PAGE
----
The Rate Conundrum: Why Do I Own Bonds?

2020 has been a challenging environment for bond investors. Beginning in the second half of 2019, the 10-year Treasury yield started to decline and reached historically lows levels March of this year (below 1%). In light of the Covid-19 pandemic and Federal Reserve actions, 10-year Treasury yields remain suppressed in a range of 0.50% to 0.75%, and are near zero, or worse, when adjusted for inflation. Despite these challenges, we know bonds have a place in a well-diversified portfolio.

We’ve heard questions from clients over the last few months about why they should still own bonds. Why don’t I just hold cash right now, or should I be reaching for yield in lower-credit-quality investments?

While both of these options might seem tempting, we continue to believe high-quality bonds should serve as the core of your fixed income allocation. In many of these conversations we’ve communicated three key points as reasons to hold bonds today (and into the future):

  • Bonds offer diversification benefits not seen from other asset classes. In baking, all ingredients serve a purpose in the recipe just like in portfolio management where all asset classes serve a purpose toward the end goal. During the stock market route in March many bond investments did what was expected during the craze, keeping a more stable value than equities. Historically bond returns have been less correlated with the S&P 500 returns, with U.S. treasuries and municipal bonds having negative correlations over the last 10 years. If the economic recovery were to pause, bonds should help buffer some of the potential stock market decline. If the recovery continues, we’d anticipate bonds holding their value given the outlook for monetary policy in the coming years. Diversification isn’t the sexy cocktail party story, but it is a foundational principle of investing that has been stress tested and proven successful in achieving longer-term goals.
  • Higher-yielding alternatives can be added as a complement to the core holding. Depending on the risk appetite of the client, adding higher yielding investments like preferred securities, longer dated bonds or lower credit offerings — in moderation — can potentially add to the overall yield. However, with these additions comes added risk. Many view bonds as the safety net of a portfolio, but in an attempt to find more yield they introduce more uncertainty. The decision to add these investments must fit with the client’s risk appetite. At Dana, we’ve worked with clients to help understand cash flow needs and find opportunities for higher yielding investments with longer-term capital as part of customized fixed income solution.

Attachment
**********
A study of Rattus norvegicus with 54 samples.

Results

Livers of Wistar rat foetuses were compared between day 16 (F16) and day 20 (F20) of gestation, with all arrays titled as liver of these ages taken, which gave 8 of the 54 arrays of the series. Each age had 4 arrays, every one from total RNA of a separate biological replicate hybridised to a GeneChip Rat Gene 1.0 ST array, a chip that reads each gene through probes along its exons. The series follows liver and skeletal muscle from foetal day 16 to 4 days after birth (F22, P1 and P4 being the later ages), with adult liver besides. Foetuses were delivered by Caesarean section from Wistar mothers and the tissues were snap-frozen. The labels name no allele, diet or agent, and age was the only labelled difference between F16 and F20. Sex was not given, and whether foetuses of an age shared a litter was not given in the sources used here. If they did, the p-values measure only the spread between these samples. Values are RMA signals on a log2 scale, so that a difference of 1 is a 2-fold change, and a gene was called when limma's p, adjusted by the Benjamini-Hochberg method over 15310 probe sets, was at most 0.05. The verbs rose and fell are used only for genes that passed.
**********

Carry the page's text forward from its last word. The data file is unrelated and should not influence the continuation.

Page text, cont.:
• Yield is only part of the story. Some of you may remember famous American radio broadcaster Paul Harvey. He had a signature saying ‘And now for the rest of the story’ where he’d provide unknown or forgotten facts about a news story. Well, yields are just part of the story in bond land. Total returns provide the ‘rest of the story,’ and at the beginning of 2020 who would have predicted that long-term bonds would have been outperforming the S&P 500 this year? Yields drop when prices rise offering price appreciation, and Dana’s actively managed fixed income portfolios can capitalize on these opportunities when presented in the marketplace.

Where do you go from here?

Don’t give up on your fixed income holdings because of the low yields they currently offer. Consult with your financial professional to make sure you own the right bonds for the today’s environment. Fixed income shouldn’t be a one size fits all solution. Dana’s fixed income solutions are built from the ground up to meet the client’s cash flow needs and fit in with their larger asset allocation puzzle. If you are troubled by the low yields, please contact us at to learn more about our offerings.

Disclosure: Dana Investment Advisors welcomes any comments to their blog and is more than willing to discuss or explain any aspect of it. This blog is provided for general information only and is not intended to provide specific advice or recommendations for any individual or entity. This is not an offer, solicitation, or recommendation to purchase any security or the services of any organization or individual. The foregoing reflects the opinions of Dana Investment Advisors.